Bars and nightlife in the alternative Costa del Sol
The first thing to strike visitors when drinking in Spanish bars is usually the price as alcohol is so much cheaper here than in the UK. A glass of draught beer (una caña) or wine (una copa de vino) starts at €1.00 (about 85p) in the less touristy areas such as Vélez-Málaga but expect to pay between €1.50 and €2.00 for the same drink in resorts such as Nerja. Even the more expensive drinks such as gin and tonic or bacardi and coke offer fantastic value when you take into account the enormous size of the Spanish spirit measure.
Spanish bar culture has a lot more to offer than low prices. Take tapas for
example, a tradition which originated here in Andalucia, tapa literally means lid or top
in Spanish and they started as just that - a slice of bread or a saucer placed over the glass of
wine to keep the flies off it. Some enterprising barmen found that if they put a couple of
slices of spicy sausage or a few salty olives on the bread they sold more drinks and so the
Today a typical tapa is a small saucer of any one of a countless variety of foods along with a
slice of bread or a couple of breadsticks. Although the more traditional bars still include them
in the price of a drink, many bars, especially in the resorts, now charge about €1 per tapa.
Every bar has its own specialities and the local
custom is to wander from bar to bar sampling the best on offer in each. The best tactic for
choosing is to simply go and look into the chilled cabinet on top of the bar and point out
whatever you fancy, as not many bars actually provide a card or menu.
These are a few of the more common tapas available and make a good starting point:
Jamon serrano is the salt-cured, air-dried mountain ham similar to Parma ham.
Chorizo is a Spanish salami flavoured with paprika.
Aceitunas are olives.
Ensalada Rusa is potato salad with vegetables such as peppers, peas, sweetcorn and
sometimes tuna mixed in.
Salpicón is a seafood salad in a tangy vinaigrette.
Boquerones en Vinagre are fresh anhovies marinated in vinegar and garlic.
Albóndigas are meatballs usually in a tomato sauce.
Pinchos are small spicy pork kebabs.
Tortilla de patatas is Spanish potato omelette.
Tapas Bar Recommendations:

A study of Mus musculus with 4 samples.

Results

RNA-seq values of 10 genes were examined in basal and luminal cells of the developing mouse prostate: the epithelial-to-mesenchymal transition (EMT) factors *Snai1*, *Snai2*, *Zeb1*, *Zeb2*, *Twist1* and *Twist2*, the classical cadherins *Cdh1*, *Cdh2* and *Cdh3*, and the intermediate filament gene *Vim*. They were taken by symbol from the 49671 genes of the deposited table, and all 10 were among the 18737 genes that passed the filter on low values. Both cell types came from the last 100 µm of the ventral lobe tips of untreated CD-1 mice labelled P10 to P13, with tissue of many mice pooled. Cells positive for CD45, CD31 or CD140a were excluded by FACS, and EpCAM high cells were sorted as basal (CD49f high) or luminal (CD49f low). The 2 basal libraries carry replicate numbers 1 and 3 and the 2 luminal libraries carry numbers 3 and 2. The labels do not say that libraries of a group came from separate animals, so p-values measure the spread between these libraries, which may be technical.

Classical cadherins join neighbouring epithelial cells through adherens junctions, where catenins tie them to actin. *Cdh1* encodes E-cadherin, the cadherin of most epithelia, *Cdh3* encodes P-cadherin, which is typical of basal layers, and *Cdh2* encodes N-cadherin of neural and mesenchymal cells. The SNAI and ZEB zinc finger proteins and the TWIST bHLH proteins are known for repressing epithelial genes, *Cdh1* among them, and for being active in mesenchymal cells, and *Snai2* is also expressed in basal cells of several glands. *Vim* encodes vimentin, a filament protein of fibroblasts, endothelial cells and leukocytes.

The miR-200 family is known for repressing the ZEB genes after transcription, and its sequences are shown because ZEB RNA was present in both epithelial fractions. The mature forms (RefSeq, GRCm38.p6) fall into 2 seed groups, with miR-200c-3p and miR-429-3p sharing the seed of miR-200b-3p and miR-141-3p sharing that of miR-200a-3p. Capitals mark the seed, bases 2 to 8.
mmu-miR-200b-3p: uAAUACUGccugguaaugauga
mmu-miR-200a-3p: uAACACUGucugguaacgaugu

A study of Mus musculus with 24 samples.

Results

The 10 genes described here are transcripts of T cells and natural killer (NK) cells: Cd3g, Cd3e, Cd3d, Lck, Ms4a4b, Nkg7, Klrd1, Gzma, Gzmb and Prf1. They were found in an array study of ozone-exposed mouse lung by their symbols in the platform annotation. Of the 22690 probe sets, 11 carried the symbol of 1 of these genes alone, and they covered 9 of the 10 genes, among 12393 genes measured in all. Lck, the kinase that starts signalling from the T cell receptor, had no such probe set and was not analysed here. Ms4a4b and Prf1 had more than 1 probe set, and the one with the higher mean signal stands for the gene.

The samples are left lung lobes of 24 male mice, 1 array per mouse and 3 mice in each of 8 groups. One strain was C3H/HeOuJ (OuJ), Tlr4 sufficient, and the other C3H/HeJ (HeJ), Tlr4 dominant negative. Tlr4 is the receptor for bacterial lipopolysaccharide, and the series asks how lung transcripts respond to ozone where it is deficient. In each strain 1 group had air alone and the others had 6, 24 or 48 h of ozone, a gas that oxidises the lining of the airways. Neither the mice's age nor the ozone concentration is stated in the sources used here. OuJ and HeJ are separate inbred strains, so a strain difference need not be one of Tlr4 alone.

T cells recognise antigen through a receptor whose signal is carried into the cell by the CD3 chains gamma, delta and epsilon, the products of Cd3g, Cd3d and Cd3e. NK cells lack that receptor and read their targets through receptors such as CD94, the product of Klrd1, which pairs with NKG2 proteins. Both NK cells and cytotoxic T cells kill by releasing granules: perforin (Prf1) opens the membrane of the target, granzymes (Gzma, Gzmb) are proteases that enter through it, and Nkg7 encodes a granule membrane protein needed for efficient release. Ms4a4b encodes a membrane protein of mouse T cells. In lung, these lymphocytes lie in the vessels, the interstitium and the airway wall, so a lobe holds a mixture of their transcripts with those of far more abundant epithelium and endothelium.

La Pulgilla in c/Bolivia in Nerja's old town is a very typical Spanish bar specialising in
fish and seafood where a tapa of whatever has just been cooked is thrown in with each drink.
Pepe's Bar on the Paseo Maritimo in Torrox Costa has a good selection of tapas for €1 each.
Be sure to have a slice of tortilla here - it's fab!
Las Tablas in c/Levante, just off Paseo Larios in Torre del Mar only opened recently and
offers a more modern take on the tradition. Each time you order a drink the waiter will bring you
a different tapa usually presented like a canapé on a slice of bread.
Another big difference between drinking here and in Britain are the licensing laws. There are no set opening hours here and most bars tend to stay open whilst the customers are still drinking, lending a more relaxed air to an evening out. If you want some real nightlife though you need to head for Nerja or Torre del Mar which both have an area dedicated to late night music bars and discos. This idea seems to have advantages for all - if you're interested in playing the drinking equivalent of
among the bars you can wander around the compact area choosing the establishment that most appeals, moving on when you feel like it, and for residents and holidaymakers who don't like loud music and late hours the areas are small enough to be easily avoided.
Nerja's nightlife area is Plaza Tutti Frutti and Torre del Mar's is centred around a small section of the Paseo Maritimo adjacent to the eastern side of Paseo Larios. The bars in both these areas get going at about midnight and stay open until about 5am, and are extremely popular with the local young people especially on Friday and Saturday nights.